London: Researchers at the Imperial College here have found that delivering a specific gene via an injection directly into the brain may offer a potential new therapy for halting the progress of Alzheimer's disease, especially when treated in its early stages.
In the study, published in the journal Proceedings of the National Academy of Sciences, the team used a type of modified virus to deliver a gene to brain cells of mice.
"Although these findings are very early they suggest this gene therapy may have potential therapeutic use for patients," said senior study author Magdalena Sastre.
Previous studies by the same team suggest this gene, called PGC1 - alpha, may prevent the formation of a protein called amyloid-beta peptide in cells in the lab.
Amyloid-beta peptide is the main component of amyloid plaques, the sticky clumps of protein found in the brains of people with Alzheimer's disease. These plaques are thought to trigger the death of brain cells.
The modified virus used in the experiments was called a lentivirus vector, and is commonly used in gene therapy explained Professor Nicholas Mazarakis, co-author of the study.
In the new study, the team injected the virus, containing the gene PGC-1 - alpha, into two areas of the brain in mice susceptible to Alzheimer's disease.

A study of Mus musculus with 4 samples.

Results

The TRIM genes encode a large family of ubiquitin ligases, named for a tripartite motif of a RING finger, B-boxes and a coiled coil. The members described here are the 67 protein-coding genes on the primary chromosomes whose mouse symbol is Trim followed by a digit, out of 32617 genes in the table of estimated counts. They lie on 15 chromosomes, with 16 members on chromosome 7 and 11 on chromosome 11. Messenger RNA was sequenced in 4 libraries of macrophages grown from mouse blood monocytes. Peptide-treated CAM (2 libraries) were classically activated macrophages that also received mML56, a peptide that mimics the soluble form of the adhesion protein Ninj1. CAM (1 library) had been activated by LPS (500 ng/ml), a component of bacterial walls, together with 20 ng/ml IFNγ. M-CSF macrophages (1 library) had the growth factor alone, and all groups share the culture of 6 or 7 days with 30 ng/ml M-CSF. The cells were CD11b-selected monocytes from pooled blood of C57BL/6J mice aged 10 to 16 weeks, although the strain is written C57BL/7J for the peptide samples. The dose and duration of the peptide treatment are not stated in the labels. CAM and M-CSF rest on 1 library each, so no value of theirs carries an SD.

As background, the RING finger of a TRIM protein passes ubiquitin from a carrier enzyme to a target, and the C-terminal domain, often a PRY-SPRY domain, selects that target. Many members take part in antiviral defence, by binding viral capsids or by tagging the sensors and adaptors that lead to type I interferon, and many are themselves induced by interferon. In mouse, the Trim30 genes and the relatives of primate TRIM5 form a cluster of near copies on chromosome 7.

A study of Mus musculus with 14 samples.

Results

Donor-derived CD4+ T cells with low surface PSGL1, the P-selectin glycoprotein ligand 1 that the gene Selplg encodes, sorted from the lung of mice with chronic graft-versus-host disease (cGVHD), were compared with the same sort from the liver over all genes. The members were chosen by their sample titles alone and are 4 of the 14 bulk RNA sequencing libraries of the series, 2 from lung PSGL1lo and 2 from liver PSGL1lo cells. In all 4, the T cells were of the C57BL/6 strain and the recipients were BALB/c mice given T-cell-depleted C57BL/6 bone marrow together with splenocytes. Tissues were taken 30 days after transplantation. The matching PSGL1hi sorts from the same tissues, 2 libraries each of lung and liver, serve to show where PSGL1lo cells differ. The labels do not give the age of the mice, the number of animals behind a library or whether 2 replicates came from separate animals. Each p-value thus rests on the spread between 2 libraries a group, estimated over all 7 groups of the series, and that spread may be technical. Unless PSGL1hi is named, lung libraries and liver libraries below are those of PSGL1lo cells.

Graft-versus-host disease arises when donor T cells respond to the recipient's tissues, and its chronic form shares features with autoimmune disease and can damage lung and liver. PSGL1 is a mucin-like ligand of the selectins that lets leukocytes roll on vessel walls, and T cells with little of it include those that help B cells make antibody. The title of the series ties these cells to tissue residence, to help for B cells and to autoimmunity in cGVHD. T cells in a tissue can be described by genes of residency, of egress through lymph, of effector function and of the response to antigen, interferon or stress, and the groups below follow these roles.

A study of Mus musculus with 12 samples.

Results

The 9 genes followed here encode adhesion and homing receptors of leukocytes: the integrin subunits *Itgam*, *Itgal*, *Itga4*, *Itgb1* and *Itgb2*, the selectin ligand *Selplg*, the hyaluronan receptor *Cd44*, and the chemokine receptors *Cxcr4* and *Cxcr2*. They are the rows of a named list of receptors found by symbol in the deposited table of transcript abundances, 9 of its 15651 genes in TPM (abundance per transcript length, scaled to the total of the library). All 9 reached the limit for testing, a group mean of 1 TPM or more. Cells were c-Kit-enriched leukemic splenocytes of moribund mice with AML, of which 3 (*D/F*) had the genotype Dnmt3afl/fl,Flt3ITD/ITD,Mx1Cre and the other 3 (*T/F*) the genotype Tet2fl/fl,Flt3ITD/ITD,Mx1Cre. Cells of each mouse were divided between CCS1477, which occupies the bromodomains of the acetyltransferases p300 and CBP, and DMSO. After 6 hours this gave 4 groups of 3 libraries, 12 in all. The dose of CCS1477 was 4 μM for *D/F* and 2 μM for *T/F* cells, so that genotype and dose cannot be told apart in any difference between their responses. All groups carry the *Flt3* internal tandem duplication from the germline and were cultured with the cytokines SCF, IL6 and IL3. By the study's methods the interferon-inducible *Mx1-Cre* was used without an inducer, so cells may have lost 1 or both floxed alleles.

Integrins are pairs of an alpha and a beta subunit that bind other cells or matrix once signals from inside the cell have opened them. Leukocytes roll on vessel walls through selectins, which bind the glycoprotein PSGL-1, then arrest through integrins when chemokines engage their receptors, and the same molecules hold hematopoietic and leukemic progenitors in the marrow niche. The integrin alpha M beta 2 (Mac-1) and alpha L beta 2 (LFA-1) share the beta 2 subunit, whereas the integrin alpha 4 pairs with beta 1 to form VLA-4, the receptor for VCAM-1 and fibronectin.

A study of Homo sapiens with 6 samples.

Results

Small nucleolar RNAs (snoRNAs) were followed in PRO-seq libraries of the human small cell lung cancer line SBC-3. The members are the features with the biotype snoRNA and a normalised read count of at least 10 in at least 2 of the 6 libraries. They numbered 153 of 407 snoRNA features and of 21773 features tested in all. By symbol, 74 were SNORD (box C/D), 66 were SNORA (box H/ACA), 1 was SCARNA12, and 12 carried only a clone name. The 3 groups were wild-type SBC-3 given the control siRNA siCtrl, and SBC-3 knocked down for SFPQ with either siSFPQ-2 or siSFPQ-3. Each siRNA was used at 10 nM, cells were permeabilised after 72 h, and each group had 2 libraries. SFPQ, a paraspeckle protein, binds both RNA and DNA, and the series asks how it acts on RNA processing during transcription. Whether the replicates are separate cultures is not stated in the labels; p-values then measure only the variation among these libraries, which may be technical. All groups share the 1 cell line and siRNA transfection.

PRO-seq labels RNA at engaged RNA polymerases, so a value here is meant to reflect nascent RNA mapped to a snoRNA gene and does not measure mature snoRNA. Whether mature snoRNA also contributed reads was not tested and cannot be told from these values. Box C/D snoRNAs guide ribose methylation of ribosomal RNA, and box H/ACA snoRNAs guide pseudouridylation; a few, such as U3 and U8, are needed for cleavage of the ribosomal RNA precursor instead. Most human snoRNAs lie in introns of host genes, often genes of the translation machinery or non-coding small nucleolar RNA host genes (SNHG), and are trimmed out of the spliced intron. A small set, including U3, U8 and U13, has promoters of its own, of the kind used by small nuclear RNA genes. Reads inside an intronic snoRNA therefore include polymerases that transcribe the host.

The areas targeted were the hippocampus and the cortex, as these are the first regions to develop amyloid plaques in Alzheimer's disease.
The animals were treated at the early stages of Alzheimer's disease.
After four months, the team found that mice who received the gene had very few amyloid plaques, compared with the untreated mice, who had multiple plaques in their brain.
Furthermore, the treated mice performed as well in memory tasks as healthy mice.
The team also discovered there was no loss of brain cells in the hippocampus of the mice who received the gene treatment.
In addition to this, the treated mice had a reduction in the number of glial cells, which in Alzheimer's disease can release toxic inflammatory substances that cause further cell damage.